Around half of people with heart and circulatory diseases have found it harder to get medical treatment since the COVID-19 pandemic began, a survey suggested.
In addition, almost a third had found it harder to get the medicines they needed for conditions such as congenital heart disease, heart rhythm problems, previous heart attack or stroke.
The findings were based on a poll by YouGov of 1409 adults with known heart and circulatory conditions.
The British Heart Foundation (BHF), which commissioned the study, said that difficulties in accessing treatment and care could have a damaging impact on people's health, and even result in an increase in deaths.
It could also lead to increased pressure on NHS services if heart and circulatory patients became sicker while awaiting hospital investigations and treatment.
The survey found that, of the people who found it more difficult to access medical treatment from a healthcare professional during the COVID-19 pandemic:
41% said they'd had a planned test, surgery, or procedure postponed or cancelled
48% said a lack of available face-to-face appointments was a reason for this
42% said they did not want to put extra pressure on the health service
The BHF said it was calling on the Government and the NHS to urgently address the immediate needs of heart and circulatory patients who have had care postponed during the coronavirus pandemic.
It said this could be accomplished by increasing the number of heart procedures, surgeries, and tests carried out, such as procedures for pacemakers and stents, as well as heart imaging tests.
It also wanted to see NHS support systems being restored for people with conditions such as heart failure, to keep people out of hospital.
Dr Sonya Babu-Narayan, BHF associate medical director, said: "While doing all we can to fight the virus, we must continue to provide care for people with heart and circulatory conditions in a safe way.
"At the very least, around 28,000 planned inpatient heart procedures have been deferred in response to the COVID-19 outbreak in England alone. This backlog will only get larger and the patients in need of treatment could get sicker as their care is delayed further. If hospital investigations and procedures are delayed too long, it can result in preventable permanent long-term complications, such as heart failure.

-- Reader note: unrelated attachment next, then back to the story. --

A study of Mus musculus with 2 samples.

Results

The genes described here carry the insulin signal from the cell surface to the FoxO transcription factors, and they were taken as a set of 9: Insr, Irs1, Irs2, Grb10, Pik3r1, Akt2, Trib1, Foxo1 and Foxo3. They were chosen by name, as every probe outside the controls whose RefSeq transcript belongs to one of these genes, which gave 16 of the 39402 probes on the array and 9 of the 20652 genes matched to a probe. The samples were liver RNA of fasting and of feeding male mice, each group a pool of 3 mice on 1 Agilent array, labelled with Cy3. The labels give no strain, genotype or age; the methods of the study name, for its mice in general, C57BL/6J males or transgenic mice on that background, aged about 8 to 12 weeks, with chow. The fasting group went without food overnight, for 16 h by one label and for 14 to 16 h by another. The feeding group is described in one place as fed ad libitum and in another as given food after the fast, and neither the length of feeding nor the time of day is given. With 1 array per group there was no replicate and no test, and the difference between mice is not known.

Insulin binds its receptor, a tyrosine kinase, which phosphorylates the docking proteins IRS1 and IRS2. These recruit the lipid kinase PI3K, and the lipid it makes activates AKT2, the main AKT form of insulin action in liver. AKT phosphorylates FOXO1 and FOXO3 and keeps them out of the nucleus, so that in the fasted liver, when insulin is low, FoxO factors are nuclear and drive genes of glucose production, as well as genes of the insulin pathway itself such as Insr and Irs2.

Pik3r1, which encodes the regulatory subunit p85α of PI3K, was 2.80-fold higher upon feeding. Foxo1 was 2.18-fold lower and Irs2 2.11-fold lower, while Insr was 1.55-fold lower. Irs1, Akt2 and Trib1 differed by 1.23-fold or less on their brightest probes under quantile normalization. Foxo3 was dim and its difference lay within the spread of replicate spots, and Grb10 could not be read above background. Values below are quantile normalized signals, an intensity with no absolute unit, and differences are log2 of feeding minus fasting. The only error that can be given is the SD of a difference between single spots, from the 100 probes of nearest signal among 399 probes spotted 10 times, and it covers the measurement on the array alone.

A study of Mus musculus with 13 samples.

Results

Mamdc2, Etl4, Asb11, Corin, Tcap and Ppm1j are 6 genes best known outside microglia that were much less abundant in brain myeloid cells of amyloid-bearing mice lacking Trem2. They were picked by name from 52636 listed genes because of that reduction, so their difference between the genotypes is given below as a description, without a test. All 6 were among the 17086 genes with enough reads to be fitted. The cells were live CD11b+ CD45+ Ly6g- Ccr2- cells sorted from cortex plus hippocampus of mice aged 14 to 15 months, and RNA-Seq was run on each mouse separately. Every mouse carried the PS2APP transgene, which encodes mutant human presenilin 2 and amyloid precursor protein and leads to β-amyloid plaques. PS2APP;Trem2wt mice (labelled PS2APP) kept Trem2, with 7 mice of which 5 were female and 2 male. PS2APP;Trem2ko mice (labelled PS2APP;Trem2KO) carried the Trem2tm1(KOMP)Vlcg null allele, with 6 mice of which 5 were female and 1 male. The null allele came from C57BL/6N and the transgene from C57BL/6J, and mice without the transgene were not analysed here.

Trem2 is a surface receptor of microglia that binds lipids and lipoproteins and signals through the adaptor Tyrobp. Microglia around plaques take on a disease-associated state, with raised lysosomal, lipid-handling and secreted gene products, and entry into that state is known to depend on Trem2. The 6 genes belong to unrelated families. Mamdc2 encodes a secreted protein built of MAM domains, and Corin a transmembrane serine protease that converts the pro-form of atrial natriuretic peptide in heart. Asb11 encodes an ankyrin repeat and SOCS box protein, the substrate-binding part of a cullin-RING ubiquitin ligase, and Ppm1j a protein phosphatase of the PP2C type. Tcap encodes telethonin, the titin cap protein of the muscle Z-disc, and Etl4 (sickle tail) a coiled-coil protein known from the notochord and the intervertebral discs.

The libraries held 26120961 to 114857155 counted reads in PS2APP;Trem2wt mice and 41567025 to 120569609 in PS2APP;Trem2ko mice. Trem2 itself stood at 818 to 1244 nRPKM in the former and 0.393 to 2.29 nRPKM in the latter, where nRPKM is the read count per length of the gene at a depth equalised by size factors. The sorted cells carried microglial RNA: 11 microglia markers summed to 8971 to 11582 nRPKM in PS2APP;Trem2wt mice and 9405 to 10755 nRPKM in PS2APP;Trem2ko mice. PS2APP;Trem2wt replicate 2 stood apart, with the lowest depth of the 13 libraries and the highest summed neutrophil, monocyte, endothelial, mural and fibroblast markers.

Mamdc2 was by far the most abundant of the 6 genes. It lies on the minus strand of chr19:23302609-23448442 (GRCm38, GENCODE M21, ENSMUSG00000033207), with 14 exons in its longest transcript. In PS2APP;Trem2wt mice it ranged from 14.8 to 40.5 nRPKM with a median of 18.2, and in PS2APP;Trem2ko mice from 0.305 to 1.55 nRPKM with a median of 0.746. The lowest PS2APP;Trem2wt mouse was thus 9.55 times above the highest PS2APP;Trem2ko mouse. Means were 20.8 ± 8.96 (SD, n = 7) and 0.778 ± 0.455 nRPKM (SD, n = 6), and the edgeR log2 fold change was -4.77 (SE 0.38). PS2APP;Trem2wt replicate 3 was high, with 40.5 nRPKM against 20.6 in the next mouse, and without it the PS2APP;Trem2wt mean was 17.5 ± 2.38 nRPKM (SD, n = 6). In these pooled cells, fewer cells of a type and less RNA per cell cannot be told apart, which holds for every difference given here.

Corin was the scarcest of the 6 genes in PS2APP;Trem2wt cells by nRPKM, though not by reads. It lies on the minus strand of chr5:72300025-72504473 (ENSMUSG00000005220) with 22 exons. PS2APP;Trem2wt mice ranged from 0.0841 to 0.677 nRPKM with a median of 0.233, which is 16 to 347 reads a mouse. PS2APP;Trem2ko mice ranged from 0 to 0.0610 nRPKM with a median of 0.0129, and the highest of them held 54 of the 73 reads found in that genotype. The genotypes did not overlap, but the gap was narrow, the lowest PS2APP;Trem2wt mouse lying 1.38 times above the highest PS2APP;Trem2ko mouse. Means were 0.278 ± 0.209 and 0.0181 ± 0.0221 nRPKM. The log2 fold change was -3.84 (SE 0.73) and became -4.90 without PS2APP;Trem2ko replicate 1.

"In addition, non-hospital-based health services must not be forgotten, as these enable people with heart and circulatory diseases to stay well and out of hospital."
Sarah Miles, 45, a former nurse and mother of two from Somerset, had a heart attack and cardiac arrest at the age of 38, which led to heart failure. She was advised to shield because she was considered by her doctors to be at extremely high risk of developing complications from the virus.
She told the BHF: "I've had a series of delayed or cancelled appointments, and I’m worried this could have a serious impact on my physical and mental health.
"A planned assessment to consider whether I am suitable for and need a potentially life saving heart transplant was cancelled.
"As well as heart failure, I also have diabetes, and my latest diabetes review was postponed. Getting medication has also been an issue for me.
"The trouble I’ve had in accessing treatment and care has caused me great anxiety because I worry about the potential long-term impact on my health. It will be such a relief when services start to go back to normal, whenever possible."
The survey followed a warning from Cancer Research UK that disruption to the NHS during the pandemic had led to around 2.4 million people in the UK waiting for cancer screening, further tests, or cancer treatment, and tens of thousands of cases left undiagnosed.
Macmillan Cancer Support said it wanted to ensure that cancer did not become "the forgotten 'C'".